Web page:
Sightseeing with a side of radiation: Buckets of radioactive uranium ore found at Grand Canyon National Museum; experts say there’s no cause for concern


(Natural News) If you’re headed to the Grand Canyon this summer, you might be envisioning spending some time in the great outdoors as you take in the incredible beauty that nature has created. When you think of the potential dangers you might have to worry about there, they’re probably related to hiking accidents and encounters with wildlife, but many recent visitors were exposed to a “hidden” danger there that’s far more concerning: uranium.

It was recently revealed that bucketloads of uranium ore were found sitting near a taxidermy exhibit at the museum at Grand Canyon National Park. The three five-gallon buckets looked a bit like paint buckets that someone might have forgotten to put away, but they didn’t sit there for a weekend or a couple months – they were there for almost 20 years, exposing countless people to radiation.

It was the teen-aged son of a park employee who was exploring the area with a Geiger counter who made the concerning discovery. When his counter spiked near the buckets, the uranium inside was discovered. One of the containers was so overloaded that it could not even close all the way.

Whistleblower concerned about coverup

The Health and Wellness Manager at the South Rim of the park, Elston Stephenson, warned that thousands of tourists and employees alike were exposed to dangerous amounts of radiation, and he said that technicians that were called in to deal with the buckets hid radiation readings from him before dumping the ore into a nearby old uranium mine. They then brought the empty buckets back for testing. He said the park did not warn people about their exposure, despite a Right to Know law requiring disclosure of the incident.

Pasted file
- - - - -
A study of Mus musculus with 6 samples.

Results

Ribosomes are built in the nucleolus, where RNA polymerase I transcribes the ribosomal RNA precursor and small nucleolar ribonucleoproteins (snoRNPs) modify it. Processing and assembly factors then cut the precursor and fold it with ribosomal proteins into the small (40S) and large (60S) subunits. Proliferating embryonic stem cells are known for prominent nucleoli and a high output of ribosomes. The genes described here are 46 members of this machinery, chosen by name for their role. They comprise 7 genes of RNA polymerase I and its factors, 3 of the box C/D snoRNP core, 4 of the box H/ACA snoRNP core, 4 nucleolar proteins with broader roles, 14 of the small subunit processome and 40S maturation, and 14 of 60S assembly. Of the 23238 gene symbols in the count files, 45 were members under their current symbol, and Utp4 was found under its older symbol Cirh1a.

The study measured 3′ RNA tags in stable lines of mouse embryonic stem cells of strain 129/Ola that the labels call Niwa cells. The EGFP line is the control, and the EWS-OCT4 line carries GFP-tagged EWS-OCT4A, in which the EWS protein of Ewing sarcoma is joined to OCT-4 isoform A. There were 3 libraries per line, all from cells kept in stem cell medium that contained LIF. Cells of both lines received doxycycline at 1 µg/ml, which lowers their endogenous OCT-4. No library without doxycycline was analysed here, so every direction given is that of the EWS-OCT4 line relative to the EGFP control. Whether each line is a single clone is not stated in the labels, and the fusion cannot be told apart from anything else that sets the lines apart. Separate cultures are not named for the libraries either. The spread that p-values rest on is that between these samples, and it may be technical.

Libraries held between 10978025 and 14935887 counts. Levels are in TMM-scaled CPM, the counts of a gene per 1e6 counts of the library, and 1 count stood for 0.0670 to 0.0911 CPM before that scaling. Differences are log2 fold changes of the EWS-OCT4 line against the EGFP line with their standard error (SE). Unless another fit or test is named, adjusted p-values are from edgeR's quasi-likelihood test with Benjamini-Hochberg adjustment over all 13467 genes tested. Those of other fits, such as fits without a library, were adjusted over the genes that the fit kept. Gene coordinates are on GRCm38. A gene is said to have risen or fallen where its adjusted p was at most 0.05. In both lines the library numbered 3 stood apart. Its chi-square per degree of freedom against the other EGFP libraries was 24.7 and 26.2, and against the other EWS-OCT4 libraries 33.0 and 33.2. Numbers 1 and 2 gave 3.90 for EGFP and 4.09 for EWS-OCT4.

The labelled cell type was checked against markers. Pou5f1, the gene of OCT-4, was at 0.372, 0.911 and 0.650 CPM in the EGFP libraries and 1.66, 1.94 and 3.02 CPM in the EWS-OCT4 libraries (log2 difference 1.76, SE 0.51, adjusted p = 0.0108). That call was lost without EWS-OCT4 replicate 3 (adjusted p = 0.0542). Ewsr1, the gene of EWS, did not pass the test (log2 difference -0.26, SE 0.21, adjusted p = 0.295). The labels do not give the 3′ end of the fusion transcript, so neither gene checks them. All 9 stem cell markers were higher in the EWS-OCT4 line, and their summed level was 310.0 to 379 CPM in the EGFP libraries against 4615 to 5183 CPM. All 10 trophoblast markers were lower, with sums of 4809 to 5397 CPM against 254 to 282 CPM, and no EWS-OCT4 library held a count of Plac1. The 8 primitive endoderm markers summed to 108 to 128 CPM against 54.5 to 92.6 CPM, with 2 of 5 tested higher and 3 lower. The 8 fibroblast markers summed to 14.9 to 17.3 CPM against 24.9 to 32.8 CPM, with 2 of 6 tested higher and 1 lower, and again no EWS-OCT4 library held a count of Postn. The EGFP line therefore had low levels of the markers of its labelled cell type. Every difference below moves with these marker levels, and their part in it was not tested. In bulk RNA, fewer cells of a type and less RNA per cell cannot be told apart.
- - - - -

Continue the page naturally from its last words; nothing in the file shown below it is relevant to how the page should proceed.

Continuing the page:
The containers were there from some time in the year 2000 until their discovery on June 18, 2018, meaning everyone who was in the building during those years was potentially exposed.

Groups of school children regularly sat in the vicinity of the partially-opened uranium containers for 30-minute presentations about taxidermized birds and rodents throughout the years, during which time they could have been exposed to radiation doses that are 1,400 times greater than that considered safe by the Nuclear Regulatory Commission.

So why are some experts telling news outlets that there’s little cause for concern? The only possible explanation is damage control because the facts paint a different picture. Uranium breaks down into radioactive materials such as radium, and it releases dangerous gases like radon. Exposure to the decay products of uranium has, not surprisingly, been linked to cancer. The gamma rays emitted by uranium ore can penetrate sealed containers and affect people nearby – so what happens if they’re partially opened?

The Union of Concerned Scientists’ Nuclear Safety Project Director, Edwin Lyman, told The Guardian that although the levels of radiation would have dropped dramatically with distance from the buckets, it’s important for people to know how much radiation they are exposed to because the effects are cumulative, and it’s the lifetime exposure that adds up to raise your cancer risk.

Despite the efforts to downplay the concerns, the Occupational Safety and Health Administration has opened up an investigation.

It’s not the only uranium controversy hitting the Grand Canyon right now. A petition is currently being considered by federal officials that could lead to uranium mining in the Grand Canyon; conservationists argue that this could pollute the limited groundwater in the area.